January 9, 2013

High Transport Costs Make Brazilian Farmers Less Competitive

Two records are likely to be set with the 2012/13 soybean crop in Brazil - a record large production and a record high cost of transporting the crop to processors or exporters. Not only does it cost more to transport Brazilian soybeans than it does to transport soybeans in the U.S., it also takes longer to get the beans to the end users as well. According to the president of the Mato Grosso Soybean and Corn Producers Association (Aprosoja-MT) Carlos Favaro, the freight costs for exporting soybeans from Mato Grosso equates to approximately 35% of the price of the soybeans. For corn exports it'CFas even worse at 50 to 60% of the price of the corn. These figures were calculated based on the 2011/12 crop and they are expected to be even worse when the 2012/13 crop is exported.

He attributes the very high costs to a lack of efficient infrastructure to move the grain into export position. Sixty percent of the grain in Brazil is transported by truck and one of the quickest ways of reducing the transportation costs would be the completion of highway BR-163, which connects Mato Grosso with the Amazon port city of Santarem. As an illustration of how things work in Brazil, that highway was projected to be completed by the end of 2012, but the completion date has now been pushed back to sometime in 2014.

The greatest promise for cost savings would be the construction of barging operations carrying soybeans and corn northward to the Amazon River instead of trucking the grain to ports in southern Brazil, but barging of grain is not a top priority for planners in Brazil. In fact, the Brazilian government has plans to build dozens of dams in the Amazon Region, but rarely is the movement of grain even considered when the dams are designed. The number one priority for the dams is the generation of electricity and designing the dams to accommodate barge traffic is rarely considered.

Farmers in central Brazil feel the government should consider using the vast river system in the Amazon Region as a transportation network in addition to just generating electricity. That could reduce costs and the time it takes to get the grain to end users around the world.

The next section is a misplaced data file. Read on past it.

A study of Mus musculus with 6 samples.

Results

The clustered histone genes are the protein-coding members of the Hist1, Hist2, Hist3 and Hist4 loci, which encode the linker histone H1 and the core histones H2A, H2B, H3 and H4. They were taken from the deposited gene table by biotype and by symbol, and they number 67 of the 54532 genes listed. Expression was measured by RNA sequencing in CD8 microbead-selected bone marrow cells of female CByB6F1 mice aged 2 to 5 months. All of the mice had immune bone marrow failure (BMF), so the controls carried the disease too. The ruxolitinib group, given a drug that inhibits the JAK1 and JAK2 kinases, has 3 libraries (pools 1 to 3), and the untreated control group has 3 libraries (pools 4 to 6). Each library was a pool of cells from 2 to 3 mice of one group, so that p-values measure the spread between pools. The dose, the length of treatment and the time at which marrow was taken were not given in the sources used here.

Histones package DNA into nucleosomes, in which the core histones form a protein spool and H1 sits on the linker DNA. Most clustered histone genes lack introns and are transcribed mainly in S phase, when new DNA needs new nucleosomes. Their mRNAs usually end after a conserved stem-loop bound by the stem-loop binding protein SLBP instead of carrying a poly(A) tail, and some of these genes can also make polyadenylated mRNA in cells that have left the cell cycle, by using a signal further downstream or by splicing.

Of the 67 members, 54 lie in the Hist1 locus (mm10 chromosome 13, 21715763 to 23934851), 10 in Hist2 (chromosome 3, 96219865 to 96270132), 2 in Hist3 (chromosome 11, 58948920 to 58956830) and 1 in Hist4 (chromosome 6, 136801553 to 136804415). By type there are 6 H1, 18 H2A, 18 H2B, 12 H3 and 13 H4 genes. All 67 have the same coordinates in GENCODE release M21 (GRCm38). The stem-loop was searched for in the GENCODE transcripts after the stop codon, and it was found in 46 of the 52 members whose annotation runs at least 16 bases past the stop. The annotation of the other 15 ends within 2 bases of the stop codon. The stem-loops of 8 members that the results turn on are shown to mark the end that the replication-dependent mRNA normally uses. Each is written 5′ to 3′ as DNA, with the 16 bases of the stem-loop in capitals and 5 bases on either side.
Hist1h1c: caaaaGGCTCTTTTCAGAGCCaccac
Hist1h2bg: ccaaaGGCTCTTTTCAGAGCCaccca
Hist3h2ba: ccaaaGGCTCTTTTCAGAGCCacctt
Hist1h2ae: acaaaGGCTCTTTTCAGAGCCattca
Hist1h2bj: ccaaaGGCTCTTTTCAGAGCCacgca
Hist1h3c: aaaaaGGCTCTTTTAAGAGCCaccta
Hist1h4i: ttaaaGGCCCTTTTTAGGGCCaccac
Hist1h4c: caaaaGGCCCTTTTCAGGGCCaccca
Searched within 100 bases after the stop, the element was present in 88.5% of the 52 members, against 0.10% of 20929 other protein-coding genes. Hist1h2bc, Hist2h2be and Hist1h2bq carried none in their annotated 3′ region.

Aprosoja-MT calculates that it takes approximately 56 days to transport soybeans from Mato Grosso to users in China while it only takes 32 days to get soybean from the Midwest to China via the Port of New Orleans. In the U.S. the time could be reduced by nearly half if the grain is shipped out of West Coast ports. In Brazil it can cost as much as US$ 150 per ton to transport soybeans from central Mato Grosso to a port in southern Brazil, while it only cost approximately US$ 35 per ton to move soybeans from the Midwest to New Orleans. If Brazil could barge the soybeans to ports on the Amazon River, those costs could be reduced to US$ 60 per ton. Even at that lower rate, that would still be nearly twice the cost of the U.S., but it would represent a tremendous saving for Brazilian farmers.

The main reason why Brazilian farmers are pressing for these cost savings is the worry that soybean prices may decline with a couple of good back-to-back crops in South America and North America. If these transportation cost remain as high as they are today and soybean prices decline significantly, then growing soybeans profitability in central Brazil would be put in doubt.